Look, it happens to all of us: you find this wine for under ten bucks that looks like it may be a killer bargain, and when you pop that cork you discover you just made an investment in grape-flavored ass juice. No judgment here. Trader Joes’ wine section doesn’t come with a warning sign above the aisle reading, “Some Of This Stuff Is Gonna Suck Beyond Comprehension.” You roll the dice, you move your mice. Let’s get into how to make that cheap wine taste better.
You want that cheap wine to taste better
“But what about my buzz,” you ask? “How am I supposed to cast a warm, Kodachrome haze on my bitter existence when my wine is like a dose of Ipecac?” Well, that’s why you subscribe to my blog. And if you don’t yet, a super-annoying pop-up should appear any moment now, imploring you to do so.
Here then are Five Amazing Hacks For That Crappy Wine You Just Bought:
Shake It Like A Polaroid Picture.
I constantly get lured in by this bargain Bordeaux they sell at Costco. This bile is like 19th growth or something, and takes the signature barnyard funk of great Bordeaux and reduces it to straight pig shit. So, here’s what you do: pour out about two ounces, put the cork back in, and shake the crap outta that bottle. Literally. Like you’re making a martini. This is sometimes known as “hyperdecanting” and is said to be able to age your wine five years in twenty seconds. This aging helps to balance the wine, ostensibly reducing any repulsive flavors or aromas that really stick out. How does it work? Because science.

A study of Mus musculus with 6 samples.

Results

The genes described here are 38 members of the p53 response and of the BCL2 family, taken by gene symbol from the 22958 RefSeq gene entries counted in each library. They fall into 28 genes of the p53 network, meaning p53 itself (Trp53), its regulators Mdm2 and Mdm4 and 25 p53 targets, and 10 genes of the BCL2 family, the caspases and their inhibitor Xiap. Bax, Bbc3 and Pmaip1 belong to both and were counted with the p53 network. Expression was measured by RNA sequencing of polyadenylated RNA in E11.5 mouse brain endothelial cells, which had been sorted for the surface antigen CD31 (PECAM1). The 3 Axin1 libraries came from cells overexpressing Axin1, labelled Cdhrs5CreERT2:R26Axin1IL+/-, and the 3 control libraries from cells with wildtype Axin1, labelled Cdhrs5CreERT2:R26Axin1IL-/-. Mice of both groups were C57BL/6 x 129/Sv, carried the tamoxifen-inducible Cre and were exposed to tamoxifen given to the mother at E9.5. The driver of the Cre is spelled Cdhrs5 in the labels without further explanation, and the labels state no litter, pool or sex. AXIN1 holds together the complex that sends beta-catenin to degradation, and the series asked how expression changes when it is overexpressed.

Let it go! Let it gooooo!
Pour out a few ounces, put the cork back in, and leave the bottle on the countertop for three days. Unlike Hyperdecanting, which imitates aging, this method slowly burns off some of the alcohol. I like to view alcohol as a “flavor carrier.” It’s the fat on a rib eye steak, if you will. If you reduce the alcohol, you can reduce the wine from a 10 to about a 7 on the Robert Mondavi Fermentation/Abomination Scale.*
Ice Ice Baby – Cheap Wine Hack #3
The colder a wine’s temperature, the more everything potentially horrible about it becomes masked: aroma, flavor, acid and alcohol all lose their potency as a wine dips below fifty degrees. Ice has the advantage of not only cooling but melting, thereby diluting your atrocious vintage. I particularly like ice in crappy sparkling wine, because the water helps to mitigate the inevitable headache. However, if you don’t like water in your wine, simply stick the bottle in the freezer for as long as it will go without freezing/exploding.
Tiny Bubbles Make Cheap Wine Taste Better
This is hack number four and five, actually. It’s good to have on hand some sparkling water or sparkling wine, and preferably both. Sparkling water is especially good to dilute red wines, particularly if you don’t like your reds cold and therefore don’t want to use the ice hack. If you like to get wacky, you can try flavored sparkling water, which comes in both sweet and not-sweet varieties depending on your preference. Same goes for sparkling wine. Combining your red or white with a sparkler helps mask the taste of both, and creates something akin to a Sangria de Basura Blanca. And again, you can adjust the sweetness by using a brut sparkler or a Moscato.
I always like to hear about your wine hacks, so if you’ve got any to share, feel free to email me at firstname.lastname@example.org or leave a comment below!